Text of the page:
When Priceline.com made its entry into the e-commerce landscape, many travel enthusiasts eagerly embraced the name-your-price pioneer. After all, airlines want to fill empty seats, and passengers don’t want to pay full fare, so everybody wins, right?
Not so fast. Priceline’s last couple of weeks have been nightmarish. Sales forecasts are down, the share price has crashed, and the U.S. Department of Transportation (DOT) is up to its neck in Priceline customer complaints. Even the company’s quirky spokesman, William Shatner, admitted on national television that he doesn’t use the service.
Now Connecticut Attorney General Richard Blumenthal has launched a fraud investigation into the company’s practices, claiming that Priceline may be deceiving its customers about what its “bargain” prices really entail.
But is Priceline fraudulent? Or, are Priceline customers just getting what they pay for?
One thing is certain: no company has the right to unfairly take advantage of the public. But it is yet unclear whether Priceline is guilty of deception or if it just needs to mend a seriously flawed operation.
Lower Than Standby
Hello, my name is Dan Gebler, and I’m a repeat Priceline customer. I love the punishment.
Recently, my wife and I looked forward to a Priceline flight from Los Angeles to Seattle – with bargain bids — and all we had to do was switch planes in San Francisco.
But we got quite a scare when we arrived at the airport. The first leg of the flight would leave 90 minutes late, making it impossible to catch the connecting flight to Seattle – the last flight of the evening. When we asked if we could hop on an earlier flight to catch our connector, we learned the real truth about what it means to be a Priceline cog in the air travel machine.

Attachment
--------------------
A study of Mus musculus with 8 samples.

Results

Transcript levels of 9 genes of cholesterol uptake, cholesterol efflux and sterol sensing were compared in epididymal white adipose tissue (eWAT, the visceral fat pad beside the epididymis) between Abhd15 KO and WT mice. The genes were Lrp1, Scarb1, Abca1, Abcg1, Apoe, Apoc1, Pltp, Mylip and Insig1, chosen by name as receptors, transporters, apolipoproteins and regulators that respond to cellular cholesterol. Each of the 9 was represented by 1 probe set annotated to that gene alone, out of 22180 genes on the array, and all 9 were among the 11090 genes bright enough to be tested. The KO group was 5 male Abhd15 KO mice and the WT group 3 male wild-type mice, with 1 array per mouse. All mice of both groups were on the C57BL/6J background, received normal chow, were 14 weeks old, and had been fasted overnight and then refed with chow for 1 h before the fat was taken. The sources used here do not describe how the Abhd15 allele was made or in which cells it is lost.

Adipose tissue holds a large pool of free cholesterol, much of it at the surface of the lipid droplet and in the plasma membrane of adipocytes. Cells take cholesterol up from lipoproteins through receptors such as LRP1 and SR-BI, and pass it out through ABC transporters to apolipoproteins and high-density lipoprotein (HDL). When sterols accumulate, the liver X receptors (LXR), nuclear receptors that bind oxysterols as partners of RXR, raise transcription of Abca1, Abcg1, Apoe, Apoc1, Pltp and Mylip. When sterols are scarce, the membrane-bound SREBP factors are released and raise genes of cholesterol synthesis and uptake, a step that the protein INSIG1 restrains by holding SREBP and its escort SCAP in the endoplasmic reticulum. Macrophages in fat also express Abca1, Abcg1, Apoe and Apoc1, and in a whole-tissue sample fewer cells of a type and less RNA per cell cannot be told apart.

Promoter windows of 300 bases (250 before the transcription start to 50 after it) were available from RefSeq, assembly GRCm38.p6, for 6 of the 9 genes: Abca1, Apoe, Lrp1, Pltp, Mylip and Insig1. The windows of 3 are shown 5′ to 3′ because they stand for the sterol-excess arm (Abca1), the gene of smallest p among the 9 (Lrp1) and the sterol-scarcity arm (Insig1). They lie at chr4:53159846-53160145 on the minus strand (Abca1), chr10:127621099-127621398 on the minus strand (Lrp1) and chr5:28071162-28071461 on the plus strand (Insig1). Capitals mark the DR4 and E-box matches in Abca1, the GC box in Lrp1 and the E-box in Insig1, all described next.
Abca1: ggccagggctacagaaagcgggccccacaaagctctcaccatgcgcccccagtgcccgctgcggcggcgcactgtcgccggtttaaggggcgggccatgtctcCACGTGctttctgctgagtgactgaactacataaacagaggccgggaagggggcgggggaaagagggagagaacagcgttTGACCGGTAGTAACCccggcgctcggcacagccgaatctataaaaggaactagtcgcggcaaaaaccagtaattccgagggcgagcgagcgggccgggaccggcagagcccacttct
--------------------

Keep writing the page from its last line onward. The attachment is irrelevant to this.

“We’d love to help you,” the nice airline representative behind the counter told us, “but you have Priceline tickets. That means that first we have to see if the flight is full, then we wait to see if anybody else buys a ticket, then we let the standby people have a chance, and then we can see about Priceline.com customers.”
We were considered “lower than standby.” Hard to swallow, but shouldn’t I have read the fine print more closely?
Clean It Up
I’m sure that among the flood of complaints lodged with the DOT are countless tales much more nerve-wracking than mine. In fact, according to published reports, while Priceline booked only one percent of all flight traffic in 1999, more than a third of the complaints against travel agents involved Priceline.
So what can Priceline do?
Well, customers need to know that their travel agent will act on their behalf if the travel systems from which Priceline profits – or not – fail them. If a Priceline customer is charged in advance of renting a car, Priceline must make sure that one is available. When Priceline air passengers pay for flights, the company must ensure that its passengers have the same recourse as other air passengers.
The company must also find ways to be more open with customers, more amenable to issuing refunds, and more forthcoming in the way that it deals with complaints. It also should develop stronger agreements with its partners to guarantee that Priceline customers receive treatment consistent with industry customer service standards.
Fraud Too Strong
In alleging fraud, however, Connecticut’s Blumenthal may be going too far. The central problem for Priceline is that we consumers have grown accustomed to better customer service. That so many of Priceline’s customers are perturbed enough to file formal complaints shows that the company’s operations are fundamentally flawed.
Consumer voices have not gone unnoticed. The company is already retreating from terrible public relations debacles and wincing from Wall Street’s strong reaction to Priceline’s struggle to retain repeat customers. The vicissitudes in Priceline’s stock performance last week show that investors believe improved customer service will help the company’s bottom line.
So while customers deserve better, a fraud investigation misses the point, especially when consumers, investors and industry-watchers have already spoken. Listen to the consumers, not the lawyers, and we’ll soon see Priceline walking the straight and narrow.